7 DIY Steps for Painting Timber Flooring

7 DIY Steps for Painting Timber Flooring

July 7, 2018 0 By sanzida

Adding a few coats of paint to your home’s timber flooring can revitalise rooms, helping to bring light and personality to dull spaces. Yet, aside from adding a touch of design flair, painting timber flooring also protects the surface, and it is a more cost effective remodelling option compared to carpet or vinyl flooring.

Fortunately, painting your timber floors is a fairly straightforward project. It doesn’t require technical knowledge or expensive tools or machines. In fact, with the right painting, sanding and cleaning supplies, you can transform your home’s wooden floors in as little as 48 hours.

Step 1: Prepare the Area for Painting

First, you’ll want to remove any existing flooring material like carpets or laminates, as well as the pins that were used to hold them in place. Then, thoroughly clean the floors by sweeping up any debris, and then by using a damp mop to pick up finer dust and dirt particles. Painting over dust and dirt will result in an uneven finish on the floor.

Step 2: Lightly Sand the Floors Prior to Painting



Sanding the floors prior to adding paint is important for two reasons. Firstly it smooths the surface and removes any rough patches, and secondly this process will enable the paint to stick more easily to the floor. You do not want to use sandpaper that’s too coarse, as you only want to remove the upper most layer of sealant from the wood.  For larger spaces, you may need to hire an electric belt sander.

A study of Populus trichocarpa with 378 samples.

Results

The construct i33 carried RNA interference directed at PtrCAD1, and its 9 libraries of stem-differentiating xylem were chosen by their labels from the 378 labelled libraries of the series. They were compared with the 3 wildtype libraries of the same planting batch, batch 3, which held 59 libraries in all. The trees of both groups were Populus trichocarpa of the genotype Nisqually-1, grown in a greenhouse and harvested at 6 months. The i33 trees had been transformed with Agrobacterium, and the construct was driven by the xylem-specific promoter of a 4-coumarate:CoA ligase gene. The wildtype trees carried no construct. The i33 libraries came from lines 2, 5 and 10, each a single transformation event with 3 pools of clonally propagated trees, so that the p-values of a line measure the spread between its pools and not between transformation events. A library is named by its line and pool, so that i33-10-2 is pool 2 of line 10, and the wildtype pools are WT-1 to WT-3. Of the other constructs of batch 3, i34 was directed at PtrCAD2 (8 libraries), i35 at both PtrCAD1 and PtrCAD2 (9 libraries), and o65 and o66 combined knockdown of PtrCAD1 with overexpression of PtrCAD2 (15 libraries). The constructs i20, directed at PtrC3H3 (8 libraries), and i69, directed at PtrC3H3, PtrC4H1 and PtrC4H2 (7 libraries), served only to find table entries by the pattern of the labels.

Step 3: Choosing the Proper Paint for Your Flooring









Before you begin, consult with a local paint seller to determine the best type of paint for the surface. Typically acrylic paints that are designed to withstand foot traffic are ideal and many brands offer paints that are designed specifically for flooring.

Step 4: Apply the First Primer Coat


Some paints require a primer layer to be applied to the flooring before the first coat of paint. Other types are considered primer/paints, and they do not need a primer layer. If you do not require a primer, apply the first coat of paint. For larger spaces, a paint roller will speed up the process, while a brush is necessary for corners and hard to reach areas. When painting, follow the grain of the floorboards for an even look.

Step 5: Sand the First Layer of Paint


Once the first coat has dried, you should use a light sandpaper to smooth the surface. The key here is not to remove paint, but rather to remove any bubbles or globs that have formed on the top layer. Once complete, use a damp mop to clean up any dust.

Step 6: Apply the Second and Third Layers of Paint


Follow the guidelines in Step 4 when applying the second and third coats of paint.  You should wait until each layer has properly dried – typically 24 hours – before sanding each new layer.

Step 7: Touch Up Any Missed Areas


Three coats of paint should be more than enough to completely cover the floor. But it’s possible that you missed a spot here or there. Once the third coat has dried, examine the space to ensure all areas are covered evenly, and for any missed areas, apply another coat with a brush or roller.